How do you know when you’ve got a really good idea? Apart from all the usual indications of brilliance, I think truly great ideas announce themselves over time by popping up in different places. Look, for example, at the design of the Erlang language. Erlang borrows a concept of component isolation from the hardware design of highly-reliable telephone exchanges and uses it to allow the coding of robust, fault-tolerant software systems. That’s one example of an idea crossing domain boundaries, but the same idea turns out to make Erlang an effective language for achieving parallelism on multi-core CPUs and in networked applications. It turns out the basic concept of component isolation is useful all over the place.
I have recently come across another example of this kind of idea migration in a blog post by Steve Streeting on what he calls Work 2.0, or being an interruptible programmer. Steve’s basic observation is that the programmer’s fundamental tool is their concentration, which they tend to apply ferociously over long periods to immerse themselves totally in a task. The problem with this is two-fold. Firstly, these long periods of deep concentration aren’t good for the programmer’s physical health: the human body just isn’t designed to sit still for so long, especially not at a desk. Secondly, the modern office environment doesn’t allow for uninterrupted concentration. Even if a programmer is lucky enough to have a quiet, private office she can concentrate in, and co-workers who respect the fragility of that concentration, she is unlikely to escape the meetings, quick chats, conference calls and briefings which cluster the business landscape like dandelions on a recently mown roadside verge.
So what to do? Steve’s answer could almost have been borrowed from a 1970s operating system manual. Make the programmer interruptible by maintaining task state in some non-volatile storage which can be easily reloaded into working memory when required. Or, in non-geek terms, write down what you’re doing as you’re doing it, so an interruption doesn’t cost so much when it inevitably occurs. You just re-read your notes and you’re back “in the zone”.
I’ve been trying Steve’s approach out at work for the last couple of weeks, and I’ve found it beneficial in a number of ways.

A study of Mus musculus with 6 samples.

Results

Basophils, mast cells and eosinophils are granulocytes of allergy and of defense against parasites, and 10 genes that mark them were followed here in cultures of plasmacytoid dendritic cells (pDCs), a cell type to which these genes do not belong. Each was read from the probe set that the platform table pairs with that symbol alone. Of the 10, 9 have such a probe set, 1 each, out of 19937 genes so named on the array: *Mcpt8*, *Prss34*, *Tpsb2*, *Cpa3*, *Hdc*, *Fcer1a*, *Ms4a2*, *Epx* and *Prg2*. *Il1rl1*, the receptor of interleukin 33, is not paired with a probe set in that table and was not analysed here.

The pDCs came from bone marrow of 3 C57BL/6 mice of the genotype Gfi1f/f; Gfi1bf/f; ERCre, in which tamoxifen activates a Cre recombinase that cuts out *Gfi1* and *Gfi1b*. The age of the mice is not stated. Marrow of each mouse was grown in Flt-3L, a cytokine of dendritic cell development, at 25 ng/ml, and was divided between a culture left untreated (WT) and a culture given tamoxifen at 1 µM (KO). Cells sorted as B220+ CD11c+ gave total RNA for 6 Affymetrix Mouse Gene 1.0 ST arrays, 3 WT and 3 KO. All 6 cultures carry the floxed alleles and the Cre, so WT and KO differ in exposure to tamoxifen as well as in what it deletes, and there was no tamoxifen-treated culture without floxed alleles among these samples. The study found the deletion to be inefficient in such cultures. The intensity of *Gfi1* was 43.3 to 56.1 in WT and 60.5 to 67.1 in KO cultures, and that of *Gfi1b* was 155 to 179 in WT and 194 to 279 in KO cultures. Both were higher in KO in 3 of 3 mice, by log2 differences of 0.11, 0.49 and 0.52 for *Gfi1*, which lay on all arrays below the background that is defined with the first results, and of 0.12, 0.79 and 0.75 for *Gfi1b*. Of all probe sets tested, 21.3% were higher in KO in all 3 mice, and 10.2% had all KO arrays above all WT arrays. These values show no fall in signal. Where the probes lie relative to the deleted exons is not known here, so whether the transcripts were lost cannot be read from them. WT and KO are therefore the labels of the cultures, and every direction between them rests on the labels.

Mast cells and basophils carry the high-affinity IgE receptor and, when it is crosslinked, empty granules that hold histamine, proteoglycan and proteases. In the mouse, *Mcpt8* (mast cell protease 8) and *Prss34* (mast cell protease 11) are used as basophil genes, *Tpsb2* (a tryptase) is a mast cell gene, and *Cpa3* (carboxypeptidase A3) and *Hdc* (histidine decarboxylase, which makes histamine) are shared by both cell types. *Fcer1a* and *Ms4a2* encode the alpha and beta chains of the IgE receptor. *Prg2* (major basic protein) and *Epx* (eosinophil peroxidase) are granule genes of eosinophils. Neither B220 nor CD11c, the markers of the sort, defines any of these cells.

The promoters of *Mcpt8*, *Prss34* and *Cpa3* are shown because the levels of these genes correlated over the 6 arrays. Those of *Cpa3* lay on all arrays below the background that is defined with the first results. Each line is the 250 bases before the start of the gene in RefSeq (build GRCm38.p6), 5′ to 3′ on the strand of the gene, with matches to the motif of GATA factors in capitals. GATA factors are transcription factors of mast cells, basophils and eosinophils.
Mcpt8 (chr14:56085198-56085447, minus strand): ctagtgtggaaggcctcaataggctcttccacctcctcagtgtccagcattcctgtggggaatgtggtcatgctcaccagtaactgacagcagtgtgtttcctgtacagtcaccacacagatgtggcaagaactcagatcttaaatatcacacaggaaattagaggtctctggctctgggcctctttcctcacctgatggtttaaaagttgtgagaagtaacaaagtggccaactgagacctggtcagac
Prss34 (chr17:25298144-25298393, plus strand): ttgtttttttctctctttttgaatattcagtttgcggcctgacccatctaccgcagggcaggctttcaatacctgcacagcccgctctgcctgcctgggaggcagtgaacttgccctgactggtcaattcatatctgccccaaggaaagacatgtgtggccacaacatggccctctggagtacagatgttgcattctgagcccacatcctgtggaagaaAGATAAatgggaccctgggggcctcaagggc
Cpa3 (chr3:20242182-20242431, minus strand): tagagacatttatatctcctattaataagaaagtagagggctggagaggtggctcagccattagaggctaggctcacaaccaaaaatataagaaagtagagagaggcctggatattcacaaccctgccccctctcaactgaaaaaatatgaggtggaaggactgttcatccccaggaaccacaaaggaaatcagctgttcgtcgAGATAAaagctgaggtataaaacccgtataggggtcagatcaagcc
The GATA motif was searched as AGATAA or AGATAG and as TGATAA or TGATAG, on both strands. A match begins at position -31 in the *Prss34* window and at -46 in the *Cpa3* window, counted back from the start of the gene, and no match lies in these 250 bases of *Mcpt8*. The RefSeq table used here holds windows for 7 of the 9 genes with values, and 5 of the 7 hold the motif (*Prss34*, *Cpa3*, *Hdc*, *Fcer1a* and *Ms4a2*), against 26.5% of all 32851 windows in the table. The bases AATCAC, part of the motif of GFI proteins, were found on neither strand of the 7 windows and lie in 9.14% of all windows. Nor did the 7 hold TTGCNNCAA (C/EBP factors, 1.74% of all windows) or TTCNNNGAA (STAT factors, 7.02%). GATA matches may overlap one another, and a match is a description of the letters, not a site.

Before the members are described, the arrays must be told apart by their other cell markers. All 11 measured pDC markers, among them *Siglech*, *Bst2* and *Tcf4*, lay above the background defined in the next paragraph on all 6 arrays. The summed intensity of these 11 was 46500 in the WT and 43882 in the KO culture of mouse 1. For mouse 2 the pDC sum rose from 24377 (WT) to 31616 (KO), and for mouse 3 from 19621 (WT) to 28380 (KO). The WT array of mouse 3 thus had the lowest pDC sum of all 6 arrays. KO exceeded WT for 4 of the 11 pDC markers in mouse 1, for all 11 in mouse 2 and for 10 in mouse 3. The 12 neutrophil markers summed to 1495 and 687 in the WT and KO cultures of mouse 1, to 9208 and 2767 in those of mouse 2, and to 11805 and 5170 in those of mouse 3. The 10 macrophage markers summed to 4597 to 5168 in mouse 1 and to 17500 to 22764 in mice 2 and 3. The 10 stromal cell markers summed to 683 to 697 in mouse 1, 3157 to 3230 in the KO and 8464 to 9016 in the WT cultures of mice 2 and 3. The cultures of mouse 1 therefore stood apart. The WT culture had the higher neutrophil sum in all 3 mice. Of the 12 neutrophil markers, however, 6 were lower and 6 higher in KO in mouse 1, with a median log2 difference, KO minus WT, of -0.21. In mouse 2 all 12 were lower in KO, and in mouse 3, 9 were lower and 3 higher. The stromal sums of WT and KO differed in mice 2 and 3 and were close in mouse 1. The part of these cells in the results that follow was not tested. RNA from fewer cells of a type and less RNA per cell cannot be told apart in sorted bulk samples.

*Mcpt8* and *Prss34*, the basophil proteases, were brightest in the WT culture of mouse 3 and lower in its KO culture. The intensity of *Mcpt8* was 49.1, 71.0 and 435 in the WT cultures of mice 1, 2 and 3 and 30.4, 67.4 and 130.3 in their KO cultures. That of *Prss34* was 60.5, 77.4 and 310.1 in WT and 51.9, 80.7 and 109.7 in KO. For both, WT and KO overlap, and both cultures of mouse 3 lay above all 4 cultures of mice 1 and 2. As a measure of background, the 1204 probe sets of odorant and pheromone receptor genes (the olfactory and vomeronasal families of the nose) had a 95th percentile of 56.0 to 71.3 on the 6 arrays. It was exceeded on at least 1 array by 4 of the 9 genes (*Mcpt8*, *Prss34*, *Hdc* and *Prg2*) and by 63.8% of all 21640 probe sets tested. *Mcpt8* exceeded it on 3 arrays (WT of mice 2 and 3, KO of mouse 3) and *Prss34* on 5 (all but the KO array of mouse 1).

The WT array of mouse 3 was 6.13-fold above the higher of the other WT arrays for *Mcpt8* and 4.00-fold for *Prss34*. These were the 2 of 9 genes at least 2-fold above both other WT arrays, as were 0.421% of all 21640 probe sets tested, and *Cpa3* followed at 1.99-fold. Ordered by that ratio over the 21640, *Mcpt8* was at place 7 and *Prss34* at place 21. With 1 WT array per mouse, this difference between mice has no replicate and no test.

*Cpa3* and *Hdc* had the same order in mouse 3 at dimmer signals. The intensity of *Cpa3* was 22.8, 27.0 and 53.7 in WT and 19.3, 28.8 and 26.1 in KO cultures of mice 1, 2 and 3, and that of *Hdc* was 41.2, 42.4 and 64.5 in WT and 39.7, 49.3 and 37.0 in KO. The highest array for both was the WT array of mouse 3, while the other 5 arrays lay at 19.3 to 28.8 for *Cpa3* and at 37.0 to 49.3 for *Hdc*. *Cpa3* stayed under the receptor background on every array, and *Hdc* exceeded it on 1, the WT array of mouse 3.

- It really does help to make you interruptible. If everything is written down, even trivial things, it makes it very easy to context switch away to another problem with confidence that you can come back to what you were doing with little disruption. Beyond that, I find the act of writing things down helps to root ideas in my mind, as well as ordering my thoughts more rationally. It is easier to prioritise tasks when they’re written down in front of you.
- As a consequence of being more interruptible, interruptions cause less friction when they occur. I get less frustrated, and can concentrate on being more helpful. Everyone’s a winner.
- Keeping notes on what you’re doing has the unexpected benefit of helping to keep your gumption levels up. This week I didn’t manage to complete the task I was “supposed” to be doing, which could be depressing. But reviewing my list of what I actually spent my time on I could see that everything I did was valuable and necessary, and it allowed me to focus on the things I did rather than the things I failed to do. It helps to minimise that nagging feeling of “running to keep up”.
- It works really well for cross-referencing, or looking up a detail when someone asks about something a few weeks later. Our notebooks at work have an index in the front that makes this even easier. The index can be kept up to date in otherwise unproductive times e.g. during wandering meetings.
- It makes managing a context-switching workflow easier. Some programming tasks allow you to immerse yourself, whilst others necessitate long periods of waiting around for the computer to do something. Full test builds are good examples of the latter. If you’re only prepared to work on one thing at once, long periods of idleness really kill productivity. If you’re able to effectively switch to another task in the periods of waiting you can get a lot more done.
As with any new working technique, Steve’s approach for interruptible programming takes a bit of time to get to grips with. Reviewing his original article to write this post I see that I’ve missed some of the points that he made on ignoring tangential issues and negative prioritisation, which could be useful. Even at this early stage, however, these concepts have helped me to be more productive, and perhaps more importantly, to feel like I’m making progress even when the tasks are coming thick and fast.